DUBAI, United Arab Emirates (AP) — Qatar's ruling emir is on his first trip abroad since a diplomatic crisis erupted in June between his nation and four Arab countries.
Here's a look at the ongoing crisis, the worst to grip the region since Iraq's 1990 invasion of Kuwait.
A COUNTRY TARGETED
Qatar is a nation about the size of the U.S. state of Connecticut which juts out like a thumb on the Arabian Peninsula into the Persian Gulf. It has the highest per-capita income in the world due to its natural gas reserves, the third-largest on the planet after Russia and Iran. Just over 10 percent of its 2.2 million people are Qataris, with the rest foreign workers. Its people follow an ultraconservative form of Islam known as Wahhabism, though unlike neighboring Saudi Arabia, women can drive and foreigners can drink alcohol. Qatar will host the 2022 FIFA World Cup.
A WIDENING GULF
Bahrain, Egypt, Saudi Arabia and the United Arab Emirates cut ties to Qatar on June 5. They also launched an economic boycott, stopping Qatar Airways flights from using their airspace, closing off the small country's sole land border with Saudi Arabia and blocking its ships from using their ports. They say the crisis stems from Qatar's support for extremist groups in the region, charges denied by Doha. The four nations have also pointed to Qatar's close relationship with Iran, with which it shares a massive offshore gas field that provides the peninsular nation its wealth.
A LIST OF DEMANDS
The Associated Press obtained a list of the Arab countries' demands of Qatar on June 22. They include limiting diplomatic ties to Iran, shutting down the state-funded Al-Jazeera satellite news network and other media outlets, and severing ties to all "terrorist organizations," including the Muslim Brotherhood and Lebanon's Hezbollah. It also demanded Qatar expel the Turkish troops now stationed in the country, as well as pay reparations and submit to auditing. Qatar rejected the demands as violations of its sovereignty, letting the deadline and an extension pass.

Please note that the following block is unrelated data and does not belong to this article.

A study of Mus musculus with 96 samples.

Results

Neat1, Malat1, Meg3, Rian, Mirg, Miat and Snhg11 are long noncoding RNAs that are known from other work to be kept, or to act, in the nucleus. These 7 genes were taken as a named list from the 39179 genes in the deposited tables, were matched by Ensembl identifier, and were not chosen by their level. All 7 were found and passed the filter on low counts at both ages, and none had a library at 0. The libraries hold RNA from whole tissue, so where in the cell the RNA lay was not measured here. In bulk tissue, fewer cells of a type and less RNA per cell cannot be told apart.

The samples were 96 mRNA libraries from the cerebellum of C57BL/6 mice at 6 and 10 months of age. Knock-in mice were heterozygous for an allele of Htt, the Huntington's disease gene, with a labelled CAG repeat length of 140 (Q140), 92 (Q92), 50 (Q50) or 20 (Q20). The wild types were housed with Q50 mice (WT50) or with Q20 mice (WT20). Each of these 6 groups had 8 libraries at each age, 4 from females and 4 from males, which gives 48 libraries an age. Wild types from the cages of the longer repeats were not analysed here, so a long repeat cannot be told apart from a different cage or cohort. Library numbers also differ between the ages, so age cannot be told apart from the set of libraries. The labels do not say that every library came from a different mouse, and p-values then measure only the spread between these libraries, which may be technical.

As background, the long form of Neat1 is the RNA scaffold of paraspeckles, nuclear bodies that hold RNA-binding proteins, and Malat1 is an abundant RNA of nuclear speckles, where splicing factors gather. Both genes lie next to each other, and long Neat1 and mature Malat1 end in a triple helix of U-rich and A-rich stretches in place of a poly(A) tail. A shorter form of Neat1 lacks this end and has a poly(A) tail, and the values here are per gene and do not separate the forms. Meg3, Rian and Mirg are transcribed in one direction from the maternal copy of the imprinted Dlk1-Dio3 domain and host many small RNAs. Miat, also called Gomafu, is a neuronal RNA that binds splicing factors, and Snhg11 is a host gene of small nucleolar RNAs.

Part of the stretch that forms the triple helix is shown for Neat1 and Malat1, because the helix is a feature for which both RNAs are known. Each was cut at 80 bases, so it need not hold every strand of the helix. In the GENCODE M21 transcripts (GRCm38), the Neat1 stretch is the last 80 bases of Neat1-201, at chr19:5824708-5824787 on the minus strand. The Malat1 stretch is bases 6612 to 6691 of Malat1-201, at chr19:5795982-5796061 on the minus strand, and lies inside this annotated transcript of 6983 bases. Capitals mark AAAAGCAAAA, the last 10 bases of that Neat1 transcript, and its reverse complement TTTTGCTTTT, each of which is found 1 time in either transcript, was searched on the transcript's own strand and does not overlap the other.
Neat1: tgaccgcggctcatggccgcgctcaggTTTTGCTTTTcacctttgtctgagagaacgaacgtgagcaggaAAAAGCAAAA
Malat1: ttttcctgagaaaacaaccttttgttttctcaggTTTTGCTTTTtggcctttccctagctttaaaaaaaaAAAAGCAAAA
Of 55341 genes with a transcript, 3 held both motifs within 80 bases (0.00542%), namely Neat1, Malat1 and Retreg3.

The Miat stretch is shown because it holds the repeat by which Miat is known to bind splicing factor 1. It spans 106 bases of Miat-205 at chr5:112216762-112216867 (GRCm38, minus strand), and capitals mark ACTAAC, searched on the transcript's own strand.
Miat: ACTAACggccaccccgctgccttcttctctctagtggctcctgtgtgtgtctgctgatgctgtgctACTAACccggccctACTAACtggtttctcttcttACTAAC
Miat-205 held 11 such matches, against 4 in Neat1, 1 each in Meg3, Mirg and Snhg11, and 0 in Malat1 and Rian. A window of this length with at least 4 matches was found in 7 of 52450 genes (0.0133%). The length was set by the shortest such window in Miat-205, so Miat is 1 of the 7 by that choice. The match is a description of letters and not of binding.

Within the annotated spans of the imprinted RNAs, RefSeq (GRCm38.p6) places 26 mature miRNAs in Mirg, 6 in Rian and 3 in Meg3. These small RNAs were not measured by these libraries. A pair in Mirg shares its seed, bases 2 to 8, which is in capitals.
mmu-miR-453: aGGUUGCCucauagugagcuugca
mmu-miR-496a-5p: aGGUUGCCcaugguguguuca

A DIPLOMATIC DANCE
Kuwait has sought to mediate the crisis, sending its 88-year-old emir shuttling between the countries involved. The countries have meanwhile sent emissaries abroad to brief foreign leaders and speak to journalists, as well as spend millions on Washington influence firms and advertising. The U.S., which has some 10,000 troops stationed at Qatar's sprawling al-Udeid Air Base as part of its campaign against the Islamic State group and the war in Afghanistan, also has sought to end the crisis. However, U.S. President Donald Trump has made comments seemingly supporting the Arab nations' efforts at isolating Qatar, complicating those efforts. A Trump-sparked call Sept. 9 between Qatar's ruling emir, Sheikh Tamim bin Hamad Al Thani, and Saudi Crown Prince Mohammed bin Salman that offered a chance at negotiations also broke down in mutual recriminations.
AN UNCERTAIN FUTURE
It's unclear what, if anything, will resolve the crisis. The Arab nations could launch financial sanctions, though Qatari investments around the world include Harrods department store in London, Volkswagen in Germany and the company owning New York's Empire State Building. They could attempt to block Qatari shipments of liquefied natural gas, though that could spark hostilities. Qatar has yet to retaliate, but could shut down an undersea natural gas pipeline running to the United Arab Emirates, a crucial power source for a desert nation that relies on desalination plants for water and air conditioners to cope with the scorching heat. Meanwhile, both Qatar and the boycotting Arab nations continue to needle each other through local media. One Qatari exile has suggested a "bloodless coup" replace Doha's leadership while Saudi Arabia has promoted a little-known Qatari ruling family member.